A South London council is planning to shut down a primary school as there’s not enough space for kids with severe learning difficulties in the borough.

Kids in Wandsworth with special educational needs are being sent to private schools elsewhere in London as the borough has run out of places for them.

Wandsworth Council is spending £11 million a year sending kids to private schools as it doesn’t have enough space for them locally.

From September 2020 to now, 84 per cent of these schoolkids had special educational needs.

The authority is now proposing to close Broadwater Primary School so Paddock Special School can relocate and expand from September 2024.

Paddock’s site on Priority Lane would also be kept as a facility for kids with special needs.

The project is set to cost up to £20 million.

The council’s children’s committee heard on Wednesday (September 28) that kids at Broadwater would be moved to other local schools while there are vacancies elsewhere for staff that would lose their jobs if the plans go ahead.

Labour councillor Kate Stock said: “We’ve seen many of our young children with SEND having to travel long distances… attending schools outside of Wandsworth, particularly to more expensive independent schools, and that’s coming at a cost not only financially but also to children and to our local school community.

“So the situation that we’re faced with now is that we’ve had a quickly escalating demand for specialist places and we no longer have sufficient capacity within our special school system so we really have to think differently and act fast in response to the challenges that we have faced.”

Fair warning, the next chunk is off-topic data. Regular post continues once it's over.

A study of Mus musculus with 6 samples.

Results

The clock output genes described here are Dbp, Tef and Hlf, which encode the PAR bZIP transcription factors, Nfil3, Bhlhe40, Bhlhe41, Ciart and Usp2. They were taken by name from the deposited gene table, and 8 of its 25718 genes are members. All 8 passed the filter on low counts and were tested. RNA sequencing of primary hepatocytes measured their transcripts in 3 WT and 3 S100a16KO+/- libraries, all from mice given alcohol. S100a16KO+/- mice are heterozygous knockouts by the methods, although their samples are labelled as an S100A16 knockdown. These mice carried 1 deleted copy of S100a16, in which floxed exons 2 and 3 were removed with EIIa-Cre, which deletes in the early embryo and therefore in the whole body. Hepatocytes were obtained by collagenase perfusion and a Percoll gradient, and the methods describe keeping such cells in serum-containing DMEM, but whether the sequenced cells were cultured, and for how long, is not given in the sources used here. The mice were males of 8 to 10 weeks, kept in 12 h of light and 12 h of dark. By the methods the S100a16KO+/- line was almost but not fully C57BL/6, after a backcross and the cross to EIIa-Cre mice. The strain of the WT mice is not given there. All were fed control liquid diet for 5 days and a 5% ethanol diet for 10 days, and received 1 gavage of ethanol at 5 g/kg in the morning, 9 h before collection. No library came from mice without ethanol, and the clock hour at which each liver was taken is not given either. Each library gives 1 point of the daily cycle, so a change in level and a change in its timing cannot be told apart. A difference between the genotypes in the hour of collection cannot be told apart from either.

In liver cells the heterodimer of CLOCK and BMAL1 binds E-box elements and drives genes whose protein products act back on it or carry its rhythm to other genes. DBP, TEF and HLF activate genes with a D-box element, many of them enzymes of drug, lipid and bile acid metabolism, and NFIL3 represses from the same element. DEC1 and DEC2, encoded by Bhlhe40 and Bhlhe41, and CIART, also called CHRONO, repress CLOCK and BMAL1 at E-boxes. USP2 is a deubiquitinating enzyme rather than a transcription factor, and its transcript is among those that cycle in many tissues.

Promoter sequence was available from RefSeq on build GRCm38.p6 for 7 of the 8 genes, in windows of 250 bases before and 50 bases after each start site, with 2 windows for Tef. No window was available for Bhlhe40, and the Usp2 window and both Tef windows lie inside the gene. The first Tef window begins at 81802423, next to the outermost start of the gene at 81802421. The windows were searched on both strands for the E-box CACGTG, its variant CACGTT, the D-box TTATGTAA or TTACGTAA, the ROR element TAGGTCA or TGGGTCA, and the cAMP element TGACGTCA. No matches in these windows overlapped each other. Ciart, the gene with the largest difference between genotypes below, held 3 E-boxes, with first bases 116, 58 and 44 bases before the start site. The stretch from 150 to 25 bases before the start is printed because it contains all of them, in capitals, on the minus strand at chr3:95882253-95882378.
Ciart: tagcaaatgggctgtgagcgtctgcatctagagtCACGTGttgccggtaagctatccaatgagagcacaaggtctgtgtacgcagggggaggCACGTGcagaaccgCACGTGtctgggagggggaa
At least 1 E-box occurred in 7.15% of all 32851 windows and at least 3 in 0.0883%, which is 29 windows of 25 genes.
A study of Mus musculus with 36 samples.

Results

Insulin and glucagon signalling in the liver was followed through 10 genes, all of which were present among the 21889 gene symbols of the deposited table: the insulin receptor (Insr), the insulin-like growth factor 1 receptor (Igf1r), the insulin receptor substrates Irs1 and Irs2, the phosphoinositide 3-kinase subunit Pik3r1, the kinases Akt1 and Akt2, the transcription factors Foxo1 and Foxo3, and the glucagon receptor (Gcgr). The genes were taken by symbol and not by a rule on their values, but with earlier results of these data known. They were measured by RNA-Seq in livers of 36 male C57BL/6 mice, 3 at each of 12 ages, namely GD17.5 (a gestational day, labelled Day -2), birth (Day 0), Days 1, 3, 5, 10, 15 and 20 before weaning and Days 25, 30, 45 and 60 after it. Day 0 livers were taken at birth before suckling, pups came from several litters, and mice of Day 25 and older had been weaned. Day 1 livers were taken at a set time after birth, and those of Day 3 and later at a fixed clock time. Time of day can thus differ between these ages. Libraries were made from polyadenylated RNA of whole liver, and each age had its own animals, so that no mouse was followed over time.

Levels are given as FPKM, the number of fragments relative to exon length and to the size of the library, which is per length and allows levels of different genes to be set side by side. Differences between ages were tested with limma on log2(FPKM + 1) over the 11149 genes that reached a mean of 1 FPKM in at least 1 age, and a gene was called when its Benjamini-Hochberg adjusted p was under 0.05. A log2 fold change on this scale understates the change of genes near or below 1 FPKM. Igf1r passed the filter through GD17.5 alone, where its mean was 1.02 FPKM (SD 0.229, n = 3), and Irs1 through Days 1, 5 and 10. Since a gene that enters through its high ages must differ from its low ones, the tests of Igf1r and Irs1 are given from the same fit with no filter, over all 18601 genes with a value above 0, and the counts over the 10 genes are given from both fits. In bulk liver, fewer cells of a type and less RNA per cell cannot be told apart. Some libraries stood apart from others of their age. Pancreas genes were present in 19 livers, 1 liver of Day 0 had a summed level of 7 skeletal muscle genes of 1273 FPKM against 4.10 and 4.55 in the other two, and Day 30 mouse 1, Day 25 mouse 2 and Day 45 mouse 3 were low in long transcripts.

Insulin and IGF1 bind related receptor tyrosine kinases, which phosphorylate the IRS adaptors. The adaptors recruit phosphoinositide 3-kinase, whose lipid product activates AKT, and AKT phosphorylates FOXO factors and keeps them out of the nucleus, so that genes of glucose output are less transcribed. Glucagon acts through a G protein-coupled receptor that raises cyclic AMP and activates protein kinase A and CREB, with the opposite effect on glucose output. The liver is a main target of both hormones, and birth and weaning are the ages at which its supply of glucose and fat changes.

She added: “I want to be really clear that the proposal isn’t a reflection on the quality of teaching and learning or the staff and leadership at the school.”

The committee was told Broadwater offers a huge site while Paddock doesn’t have enough outside space.

Broadwater has capacity for three to four forms per year group but only has one, according to a council report.

Paddock would be able to increase from two forms per year group to three, creating 64 new places and a total of 192 from September 2024.

Officers said the plans would help stop kids with severe learning difficulties going to schools outside the borough.

But councillors also said the proposals had devastated and shocked those at Broadwater.

Conservative councillor Matthew Corner said the plans would ‘raise eyebrows’, with parents wondering whether other schools will be closed.

He said the council should set expectations on whether more schools will have to close or not.

Councillor Stock said the council is not planning to close any more schools now but that it’s a ‘moving situation’.

She said any closures would be a last resort and the council would be transparent and work with schools.

The committee approved the plans which must also be green-lit at the next executive meeting on October 10 before moving to a consultation.